Cross-Gender Casting Illuminates Shakespeare’s “Henry IV, Part One”
10,000 Things Theater is masterful at putting offbeat spins on classic plays.Their current staging of William Shakespeare’s Henry IV, Part One succeeds beautifully as a male-dominated play with a cast of women playing the parts. Though this History Play has a Part Two, it holds together as a complete work of entertainment by itself.
In the story two young men, party animal Prince Hal (a magnetic Sha Cage) and the impetuous Hotspur (an equally magnetic Anna Sundberg), vie for the throne. Hal is under the debauched influence of the much older Falstaff (a robust and hilarious Karen-Wiese Thompson). They each transition into new states of mind as the seriousness of the stakes for kingship unfold.
Director Michelle Hensley not only makes the rather complex and detailed script well understood to the audience, but she has made sure each and every actress has probed the masculinity of their character. This is much easier said than done. Therefore, this Henry is one marvelous cross-gender achievement.
Henry IV, Part One
Through Nov. 1
Q & A: Karen Wiese-Thompson on Playing Falstaff in “Henry IV, Part One”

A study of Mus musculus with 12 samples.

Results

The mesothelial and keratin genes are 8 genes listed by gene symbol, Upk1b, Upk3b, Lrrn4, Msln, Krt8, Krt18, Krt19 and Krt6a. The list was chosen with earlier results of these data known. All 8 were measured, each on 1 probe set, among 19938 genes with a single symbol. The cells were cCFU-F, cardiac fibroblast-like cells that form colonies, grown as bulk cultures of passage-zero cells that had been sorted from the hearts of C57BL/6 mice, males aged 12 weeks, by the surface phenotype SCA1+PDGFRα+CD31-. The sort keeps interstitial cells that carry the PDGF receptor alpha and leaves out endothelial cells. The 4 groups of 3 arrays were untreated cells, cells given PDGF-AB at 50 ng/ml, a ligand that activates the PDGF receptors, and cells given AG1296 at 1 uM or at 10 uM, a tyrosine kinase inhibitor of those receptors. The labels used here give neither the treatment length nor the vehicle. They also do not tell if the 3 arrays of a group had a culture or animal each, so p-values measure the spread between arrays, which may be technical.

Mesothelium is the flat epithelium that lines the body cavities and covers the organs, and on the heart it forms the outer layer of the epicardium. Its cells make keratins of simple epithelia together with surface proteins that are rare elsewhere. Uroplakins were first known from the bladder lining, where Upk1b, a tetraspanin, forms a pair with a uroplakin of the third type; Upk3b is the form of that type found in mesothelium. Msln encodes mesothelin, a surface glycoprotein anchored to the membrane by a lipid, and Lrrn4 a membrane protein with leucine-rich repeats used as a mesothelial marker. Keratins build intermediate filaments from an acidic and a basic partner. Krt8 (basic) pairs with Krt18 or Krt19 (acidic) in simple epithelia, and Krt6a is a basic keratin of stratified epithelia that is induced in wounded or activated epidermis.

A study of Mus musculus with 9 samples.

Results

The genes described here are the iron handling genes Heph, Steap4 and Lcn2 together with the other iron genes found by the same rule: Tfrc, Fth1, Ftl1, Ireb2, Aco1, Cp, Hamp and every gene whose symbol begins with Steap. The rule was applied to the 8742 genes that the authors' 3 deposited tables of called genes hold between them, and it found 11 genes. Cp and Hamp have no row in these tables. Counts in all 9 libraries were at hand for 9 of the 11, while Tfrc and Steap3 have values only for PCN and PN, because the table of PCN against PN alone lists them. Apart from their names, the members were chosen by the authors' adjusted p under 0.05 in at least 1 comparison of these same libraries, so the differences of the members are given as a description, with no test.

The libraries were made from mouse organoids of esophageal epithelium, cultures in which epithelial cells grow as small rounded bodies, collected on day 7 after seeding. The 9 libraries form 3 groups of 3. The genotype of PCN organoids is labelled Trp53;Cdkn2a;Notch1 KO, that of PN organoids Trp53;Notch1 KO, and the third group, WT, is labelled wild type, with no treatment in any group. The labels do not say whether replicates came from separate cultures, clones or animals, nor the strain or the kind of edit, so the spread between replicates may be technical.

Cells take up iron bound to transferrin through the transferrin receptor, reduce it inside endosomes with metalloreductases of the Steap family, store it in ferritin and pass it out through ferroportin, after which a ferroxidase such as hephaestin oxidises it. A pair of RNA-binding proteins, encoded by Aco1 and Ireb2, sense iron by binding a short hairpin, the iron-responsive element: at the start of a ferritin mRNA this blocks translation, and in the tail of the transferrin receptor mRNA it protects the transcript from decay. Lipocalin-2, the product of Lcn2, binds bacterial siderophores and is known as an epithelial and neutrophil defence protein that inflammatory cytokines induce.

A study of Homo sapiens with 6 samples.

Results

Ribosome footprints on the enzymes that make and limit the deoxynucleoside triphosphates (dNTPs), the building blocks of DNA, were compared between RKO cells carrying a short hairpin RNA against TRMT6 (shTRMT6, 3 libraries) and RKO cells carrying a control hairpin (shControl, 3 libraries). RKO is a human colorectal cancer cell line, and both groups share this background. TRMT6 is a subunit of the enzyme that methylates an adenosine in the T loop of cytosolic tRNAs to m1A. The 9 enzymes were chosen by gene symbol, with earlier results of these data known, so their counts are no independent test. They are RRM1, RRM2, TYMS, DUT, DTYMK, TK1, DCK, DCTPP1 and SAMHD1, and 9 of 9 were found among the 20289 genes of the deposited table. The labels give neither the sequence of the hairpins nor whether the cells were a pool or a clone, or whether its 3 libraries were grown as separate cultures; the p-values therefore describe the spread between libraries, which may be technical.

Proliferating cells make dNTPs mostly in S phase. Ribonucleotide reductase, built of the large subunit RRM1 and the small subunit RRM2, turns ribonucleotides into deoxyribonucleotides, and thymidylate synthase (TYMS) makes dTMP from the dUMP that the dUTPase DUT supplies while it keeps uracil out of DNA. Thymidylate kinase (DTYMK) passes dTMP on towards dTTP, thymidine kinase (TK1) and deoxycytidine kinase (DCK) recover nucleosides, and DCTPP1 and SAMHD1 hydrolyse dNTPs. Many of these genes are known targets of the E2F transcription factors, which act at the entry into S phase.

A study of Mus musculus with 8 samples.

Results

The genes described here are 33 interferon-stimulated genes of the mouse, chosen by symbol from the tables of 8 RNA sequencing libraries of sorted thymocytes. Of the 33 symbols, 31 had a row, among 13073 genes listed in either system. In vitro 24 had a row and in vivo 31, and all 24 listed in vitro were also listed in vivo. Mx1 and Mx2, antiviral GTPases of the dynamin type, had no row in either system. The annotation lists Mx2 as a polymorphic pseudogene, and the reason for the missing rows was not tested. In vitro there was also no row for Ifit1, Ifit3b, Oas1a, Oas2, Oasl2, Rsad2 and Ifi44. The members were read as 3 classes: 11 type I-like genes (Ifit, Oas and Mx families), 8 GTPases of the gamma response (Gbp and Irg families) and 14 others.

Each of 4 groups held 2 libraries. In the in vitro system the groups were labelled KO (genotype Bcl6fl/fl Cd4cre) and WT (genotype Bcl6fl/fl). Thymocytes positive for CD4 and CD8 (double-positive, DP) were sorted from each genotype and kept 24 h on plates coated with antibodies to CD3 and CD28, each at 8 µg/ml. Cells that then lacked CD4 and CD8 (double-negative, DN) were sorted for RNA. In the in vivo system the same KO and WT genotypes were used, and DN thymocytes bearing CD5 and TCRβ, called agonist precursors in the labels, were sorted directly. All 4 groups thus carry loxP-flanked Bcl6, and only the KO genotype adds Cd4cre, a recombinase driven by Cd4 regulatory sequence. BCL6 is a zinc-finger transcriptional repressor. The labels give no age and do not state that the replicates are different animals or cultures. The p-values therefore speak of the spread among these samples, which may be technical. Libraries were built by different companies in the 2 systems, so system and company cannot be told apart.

Karen Wiese-Thompson has delighted audiences for years for her memorable comic portrayals. She is currently playing a comedic role in the generally serious Henry IV, Part One for 10,000 Things. She is hilarious, yet also very much in the period and style of William Shakespeare.
JT: What are some of the things you did to bring this classic male character to life?
KWT: Honestly I just approached Falstaff the way I do any character – what is in me that identifies with the person I’m creating onstage and what is the text telling me about this person. It’s surprisingly freeing playing a man. You think about carriage and gait and stance and for me it was just about letting go of all the physicality you focus on as a woman. I don’t have to keep my chest out and my stomach in and I don’t have to work in heels or wear makeup. I try to work in my lower register but not so much as to draw attention to it or make it an affectation.